Marks & Spencer is bringing its textile innovations, developed throughout the retailer’s 130-year history, to Quarry Bank in Styal.
Working in partnership with the National Trust at Quarry Bank, the M&S Company Archive, which houses over 70,000 historic items from the retailer’s history at the University of Leeds’ Michael Marks Building, has created the ‘Revolutionary Fabrics’ exhibition.
The new exhibition, which is located in the Cotton Gallery, uses items from M&S’ Archive to tell the story of how innovative new materials such as Crimplene, Bri-nylon and Tricel made a huge impact on clothing following World War II.
The displays showcase a handpicked selection of M&S garments, including previously unseen items, dating from the 1940s to the 1990s.
Visitors will be able to learn about how M&S has continued to be at the forefront of textile development, from the wonder fabrics pioneered in the first ever fabric research laboratory in 1935, to fabric innovations that have influenced clothing today.
The exhibition will be on show inside the Mill at Quarry Bank which is renowned for cotton manufacturing in the North West, until October this year.
From 1960s lingerie to formal Menswear from the 1980s, visitors will have the opportunity to see and touch the fabrics on display.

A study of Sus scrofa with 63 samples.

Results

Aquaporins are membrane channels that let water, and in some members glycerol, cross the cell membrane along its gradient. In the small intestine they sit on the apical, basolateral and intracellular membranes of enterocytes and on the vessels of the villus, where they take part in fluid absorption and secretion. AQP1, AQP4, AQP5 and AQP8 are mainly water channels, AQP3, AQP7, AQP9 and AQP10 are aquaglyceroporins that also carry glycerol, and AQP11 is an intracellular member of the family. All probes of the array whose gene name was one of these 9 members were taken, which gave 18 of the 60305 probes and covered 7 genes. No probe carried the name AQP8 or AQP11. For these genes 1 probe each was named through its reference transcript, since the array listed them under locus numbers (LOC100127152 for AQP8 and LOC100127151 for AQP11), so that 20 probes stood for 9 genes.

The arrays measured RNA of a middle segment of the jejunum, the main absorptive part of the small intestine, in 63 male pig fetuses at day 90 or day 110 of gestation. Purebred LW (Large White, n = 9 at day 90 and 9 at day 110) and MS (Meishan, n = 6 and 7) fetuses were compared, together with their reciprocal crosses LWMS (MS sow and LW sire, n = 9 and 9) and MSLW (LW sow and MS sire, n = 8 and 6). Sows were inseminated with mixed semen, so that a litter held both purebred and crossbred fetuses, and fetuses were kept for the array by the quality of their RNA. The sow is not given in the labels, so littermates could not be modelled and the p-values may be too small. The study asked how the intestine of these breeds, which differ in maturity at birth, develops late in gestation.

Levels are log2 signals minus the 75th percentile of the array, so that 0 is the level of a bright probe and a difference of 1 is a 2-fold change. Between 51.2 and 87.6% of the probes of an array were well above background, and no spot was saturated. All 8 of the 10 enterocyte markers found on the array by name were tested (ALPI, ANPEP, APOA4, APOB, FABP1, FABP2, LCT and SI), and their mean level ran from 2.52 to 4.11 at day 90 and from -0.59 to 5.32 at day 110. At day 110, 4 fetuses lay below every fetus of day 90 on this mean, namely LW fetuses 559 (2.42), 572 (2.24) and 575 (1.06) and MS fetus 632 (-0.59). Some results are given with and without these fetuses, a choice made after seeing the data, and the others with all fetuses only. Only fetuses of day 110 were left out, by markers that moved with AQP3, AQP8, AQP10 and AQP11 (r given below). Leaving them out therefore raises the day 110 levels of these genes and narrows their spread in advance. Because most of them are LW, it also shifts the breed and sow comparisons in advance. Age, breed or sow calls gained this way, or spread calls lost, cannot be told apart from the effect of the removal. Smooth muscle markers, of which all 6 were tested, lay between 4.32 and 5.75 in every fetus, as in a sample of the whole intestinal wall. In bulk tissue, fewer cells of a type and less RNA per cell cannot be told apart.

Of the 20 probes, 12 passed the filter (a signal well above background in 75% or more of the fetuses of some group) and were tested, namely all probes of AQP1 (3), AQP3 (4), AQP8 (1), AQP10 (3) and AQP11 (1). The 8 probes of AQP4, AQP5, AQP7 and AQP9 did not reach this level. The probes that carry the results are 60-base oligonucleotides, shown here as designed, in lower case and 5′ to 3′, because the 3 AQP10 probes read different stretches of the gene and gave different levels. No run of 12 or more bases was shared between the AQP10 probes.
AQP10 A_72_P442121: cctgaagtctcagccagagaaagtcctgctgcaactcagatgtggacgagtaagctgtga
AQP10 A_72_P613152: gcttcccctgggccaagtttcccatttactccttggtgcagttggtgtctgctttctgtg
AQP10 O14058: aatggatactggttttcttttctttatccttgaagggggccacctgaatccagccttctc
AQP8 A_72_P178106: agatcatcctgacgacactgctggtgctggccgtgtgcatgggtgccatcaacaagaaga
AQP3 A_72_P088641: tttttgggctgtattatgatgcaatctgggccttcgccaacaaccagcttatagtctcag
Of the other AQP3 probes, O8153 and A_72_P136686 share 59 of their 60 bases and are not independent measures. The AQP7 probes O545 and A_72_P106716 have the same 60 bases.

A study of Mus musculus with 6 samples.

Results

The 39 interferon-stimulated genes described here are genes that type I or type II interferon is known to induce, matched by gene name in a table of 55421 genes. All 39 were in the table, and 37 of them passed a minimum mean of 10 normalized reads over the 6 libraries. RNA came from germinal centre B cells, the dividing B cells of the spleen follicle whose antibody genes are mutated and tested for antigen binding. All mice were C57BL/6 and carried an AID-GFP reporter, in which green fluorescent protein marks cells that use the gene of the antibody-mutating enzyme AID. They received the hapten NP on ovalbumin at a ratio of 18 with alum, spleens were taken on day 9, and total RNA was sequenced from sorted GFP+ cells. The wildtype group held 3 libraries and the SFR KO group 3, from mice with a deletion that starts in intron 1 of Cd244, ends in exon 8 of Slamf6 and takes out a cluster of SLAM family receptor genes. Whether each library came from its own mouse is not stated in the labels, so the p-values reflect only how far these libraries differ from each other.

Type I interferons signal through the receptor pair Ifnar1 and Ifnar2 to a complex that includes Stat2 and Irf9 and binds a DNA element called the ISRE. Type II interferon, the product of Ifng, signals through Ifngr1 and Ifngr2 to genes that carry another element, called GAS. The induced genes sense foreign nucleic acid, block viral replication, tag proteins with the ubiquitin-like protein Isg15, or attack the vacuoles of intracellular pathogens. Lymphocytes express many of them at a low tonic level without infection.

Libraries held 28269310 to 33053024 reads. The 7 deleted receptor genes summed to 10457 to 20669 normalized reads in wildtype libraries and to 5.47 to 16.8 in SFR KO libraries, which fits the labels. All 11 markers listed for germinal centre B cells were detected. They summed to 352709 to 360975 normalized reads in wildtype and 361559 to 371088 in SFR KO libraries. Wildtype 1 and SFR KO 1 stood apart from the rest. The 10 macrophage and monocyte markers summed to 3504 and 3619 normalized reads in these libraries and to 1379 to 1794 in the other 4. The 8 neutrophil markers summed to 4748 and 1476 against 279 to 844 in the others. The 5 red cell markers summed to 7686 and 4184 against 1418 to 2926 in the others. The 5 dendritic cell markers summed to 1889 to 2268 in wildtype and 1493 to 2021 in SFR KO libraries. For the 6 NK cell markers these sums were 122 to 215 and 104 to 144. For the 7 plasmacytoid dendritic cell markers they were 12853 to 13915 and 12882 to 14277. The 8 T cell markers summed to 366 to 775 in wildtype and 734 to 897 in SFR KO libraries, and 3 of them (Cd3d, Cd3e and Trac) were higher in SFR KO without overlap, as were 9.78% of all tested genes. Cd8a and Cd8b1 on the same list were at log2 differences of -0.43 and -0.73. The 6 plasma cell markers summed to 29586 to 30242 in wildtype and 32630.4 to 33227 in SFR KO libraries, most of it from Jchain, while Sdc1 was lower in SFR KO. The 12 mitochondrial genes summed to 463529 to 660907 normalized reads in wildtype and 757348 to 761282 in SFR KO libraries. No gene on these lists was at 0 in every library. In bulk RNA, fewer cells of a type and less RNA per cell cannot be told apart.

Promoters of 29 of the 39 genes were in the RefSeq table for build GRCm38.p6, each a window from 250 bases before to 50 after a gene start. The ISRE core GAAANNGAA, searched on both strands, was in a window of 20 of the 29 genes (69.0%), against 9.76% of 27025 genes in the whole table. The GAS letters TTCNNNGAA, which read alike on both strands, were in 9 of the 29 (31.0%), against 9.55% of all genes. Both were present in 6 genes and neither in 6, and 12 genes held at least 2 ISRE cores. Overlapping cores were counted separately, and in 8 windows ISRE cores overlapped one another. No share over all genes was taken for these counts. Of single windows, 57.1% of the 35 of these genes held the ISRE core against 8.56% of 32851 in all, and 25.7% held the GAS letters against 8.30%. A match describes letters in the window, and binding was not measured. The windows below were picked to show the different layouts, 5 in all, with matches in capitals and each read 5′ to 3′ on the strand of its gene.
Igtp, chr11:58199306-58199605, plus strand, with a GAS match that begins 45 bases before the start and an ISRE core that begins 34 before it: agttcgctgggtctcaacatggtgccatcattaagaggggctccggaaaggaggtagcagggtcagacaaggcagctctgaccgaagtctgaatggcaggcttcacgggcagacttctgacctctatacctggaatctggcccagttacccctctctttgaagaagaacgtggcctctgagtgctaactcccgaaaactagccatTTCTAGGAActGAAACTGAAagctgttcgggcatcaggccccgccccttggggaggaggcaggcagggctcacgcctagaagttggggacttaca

Hannah Jenkinson, Archivist at the M&S Company Archive, said “Quarry Bank is one of Britain’s greatest industrial heritage sites so we are delighted that we have been able to add to the displays with our exciting exhibition. ‘Revolutionary Fabrics’ gives visitors the opportunity to learn more about how M&S changed the face of textiles in the UK. From our textile laboratories to our first machine-washable wool garments, people can find out about the innovations throughout our history that we can still see today.”
The M&S Company Archive has a collection of more than 70,000 historic items and was unveiled at the University of Leeds’ Michael Marks Building in March 2012.
The permanent Marks in Time exhibition celebrates the role that M&S has played in peoples’ lives since 1884 and charts the development of the iconic British retailer from its roots at Kirkgate Market to the present day.